Fat cat politicians should lead by example

By Nicolette Dirk and Angelique Ruzicka

Last month Northern Cape premier, Sylvia Lucas, spent and gobbled her way through just over R53 000 worth of fast-food.

She dined at South African family favourites such as the Spur, Mike’s Kitchen, KFC, Wimpy and Ocean Basket.

The Premier is not the only fat cat to have a bad relationship with food and money. Ousted ANC Youth Leader, Julius Malema blamed Heineken for his bulky frame while he spent loads of money on lavish champagne parties. And let’s not forget that back in 2011, 34 state departments spent R194 million on catering.

Meanwhile this all flies in the face of Health Minister Aaron Motsoaledi’s efforts in reigning in the government’s spending on non-communicable diseases. Some of these illnesses are directly the result of an unhealthy lifestyle, which is putting a strain on our healthcare system’s finances.

The South African National Health and Nutrition Examination Survey, the first comprehensive study of health and nutrition in our country, found that a lot of people are at risk of developing lifestyle diseases like hypertension and diabetes. It showed there was an increased risk if you make bad food choices and don’t exercise.

Motsoaledi aims to fight this scourge by introducing new legislation to control unhealthy habits, including reducing the amount of fatty acids and salt we have in our food.

But perhaps the health minister should reign in his colleagues before he tells the public what we should eat and drink?

Stress in the workplace

Stress is, of course, one of the big reasons behind why we comfort eat.

Lucas incurred most of her fast-food debt in the first 10 weeks of her position as Premier of the Northern Cape.

There are plenty of concerns. Last week the public protector, Thuli Madonsela reportedly found cases of maladministration in the province’s Gamagara municipality.

According to reports the investigation stemmed from service delivery protests by Olifantshoek residents in 2012 calling for the late mayor, Maria Diniza’s resignation.

Could this type of stress have driven her to tuck into that Family Feast? Nutritionist, Megan Bosman points out that we are living in a ‘stress age’. We are working stressful jobs with added pressure to be successful both corporately and personally.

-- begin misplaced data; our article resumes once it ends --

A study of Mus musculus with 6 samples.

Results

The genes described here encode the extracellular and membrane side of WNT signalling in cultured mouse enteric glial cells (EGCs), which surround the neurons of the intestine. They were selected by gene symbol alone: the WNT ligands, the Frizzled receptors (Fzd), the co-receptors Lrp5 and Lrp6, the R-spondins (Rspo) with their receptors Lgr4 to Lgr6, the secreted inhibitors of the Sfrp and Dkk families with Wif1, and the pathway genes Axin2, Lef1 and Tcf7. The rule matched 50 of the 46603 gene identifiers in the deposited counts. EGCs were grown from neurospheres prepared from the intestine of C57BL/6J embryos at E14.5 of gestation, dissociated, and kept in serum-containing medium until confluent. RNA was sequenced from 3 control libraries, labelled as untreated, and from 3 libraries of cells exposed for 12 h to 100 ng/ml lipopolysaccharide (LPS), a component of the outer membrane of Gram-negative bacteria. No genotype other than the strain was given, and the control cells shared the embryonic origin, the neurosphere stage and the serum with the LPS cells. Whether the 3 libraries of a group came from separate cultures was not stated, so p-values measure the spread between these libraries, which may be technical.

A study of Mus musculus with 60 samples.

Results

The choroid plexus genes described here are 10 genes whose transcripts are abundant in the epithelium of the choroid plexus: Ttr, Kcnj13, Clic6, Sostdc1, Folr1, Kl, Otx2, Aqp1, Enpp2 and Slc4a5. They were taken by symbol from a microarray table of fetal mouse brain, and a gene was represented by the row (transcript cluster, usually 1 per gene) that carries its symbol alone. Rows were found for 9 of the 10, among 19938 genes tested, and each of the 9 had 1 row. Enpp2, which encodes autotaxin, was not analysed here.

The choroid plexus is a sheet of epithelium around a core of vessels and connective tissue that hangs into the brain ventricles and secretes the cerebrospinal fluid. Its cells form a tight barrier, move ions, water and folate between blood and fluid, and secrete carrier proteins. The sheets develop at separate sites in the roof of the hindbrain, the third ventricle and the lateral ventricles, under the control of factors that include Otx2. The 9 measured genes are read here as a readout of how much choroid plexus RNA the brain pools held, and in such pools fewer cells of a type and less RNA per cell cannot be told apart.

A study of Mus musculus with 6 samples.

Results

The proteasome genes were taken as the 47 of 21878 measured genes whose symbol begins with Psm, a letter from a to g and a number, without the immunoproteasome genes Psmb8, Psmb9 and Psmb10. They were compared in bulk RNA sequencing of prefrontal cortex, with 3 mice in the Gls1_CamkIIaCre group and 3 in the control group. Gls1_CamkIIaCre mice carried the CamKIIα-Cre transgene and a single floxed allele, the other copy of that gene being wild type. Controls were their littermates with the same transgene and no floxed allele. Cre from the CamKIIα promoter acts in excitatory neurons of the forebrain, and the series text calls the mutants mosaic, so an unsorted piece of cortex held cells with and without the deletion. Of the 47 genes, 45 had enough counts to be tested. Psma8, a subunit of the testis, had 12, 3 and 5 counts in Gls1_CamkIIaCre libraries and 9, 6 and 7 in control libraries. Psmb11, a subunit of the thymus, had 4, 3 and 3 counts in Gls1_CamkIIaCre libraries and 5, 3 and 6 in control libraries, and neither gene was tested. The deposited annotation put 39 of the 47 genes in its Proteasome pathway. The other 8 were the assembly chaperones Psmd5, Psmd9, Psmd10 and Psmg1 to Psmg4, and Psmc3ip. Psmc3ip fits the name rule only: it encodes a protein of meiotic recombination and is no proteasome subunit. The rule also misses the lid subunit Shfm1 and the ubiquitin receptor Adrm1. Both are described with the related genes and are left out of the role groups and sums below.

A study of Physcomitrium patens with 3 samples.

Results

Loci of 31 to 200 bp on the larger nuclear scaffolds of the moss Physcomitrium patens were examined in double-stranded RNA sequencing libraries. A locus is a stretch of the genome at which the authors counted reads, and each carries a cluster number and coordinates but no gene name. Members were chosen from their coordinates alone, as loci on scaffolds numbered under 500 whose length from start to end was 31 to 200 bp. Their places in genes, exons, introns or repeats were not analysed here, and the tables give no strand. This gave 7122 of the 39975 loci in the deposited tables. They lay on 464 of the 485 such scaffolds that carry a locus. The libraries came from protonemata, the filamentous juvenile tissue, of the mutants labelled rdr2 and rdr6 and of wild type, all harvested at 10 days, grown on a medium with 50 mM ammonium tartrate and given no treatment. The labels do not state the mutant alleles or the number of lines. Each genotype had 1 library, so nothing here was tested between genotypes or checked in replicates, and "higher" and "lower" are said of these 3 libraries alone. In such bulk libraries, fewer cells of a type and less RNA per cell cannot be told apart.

“For many people, their hectic schedules often leave them with very little or no time to prepare healthy food all the time. Time management is key. If you are in a situation where you need to grab something to eat on the go then you shouldn’t assume all fast-food is the same, there are some fast-foods which are better for you than others,” she says.

So what could the Premier have done differently?

The Premier could’ve set an example by eating healthily and even earning herself some money in the process. Bosman’s alternatives to deep-fried and salty fast food includes fruit, nuts, boiled egg on rice cakes, biltong, vegetable sticks with hummus, fruit and yoghurt.

Had she chosen carrots instead of a Wimpy burger a reward scheme from one leading medical aid offers 25% cash back on healthy food at Pick n Pay stores. Lucas stood to get R39 750 back in cash had she belonged to this scheme.

Time she may not have but it’s not like she has to do much research about which foods are healthy. Helpfully, Pick n Pay and Woolworths have a healthy food list and she could have got rewarded every time she made a purchase on this.

With all this wealth of information at her fingertips and many different reward schemes out there to incentivise her (we only mentioned one), it’s hard to empathise with the Premier even if she’s stressed from work.

There’s a lesson that we call all learn out of this. And that is: It pays to be healthy. If you eat healthily and exercise regularly, not only will you alleviate the financial burden on other taxpayers but you’ll pay less in medical fees (in the long run) too.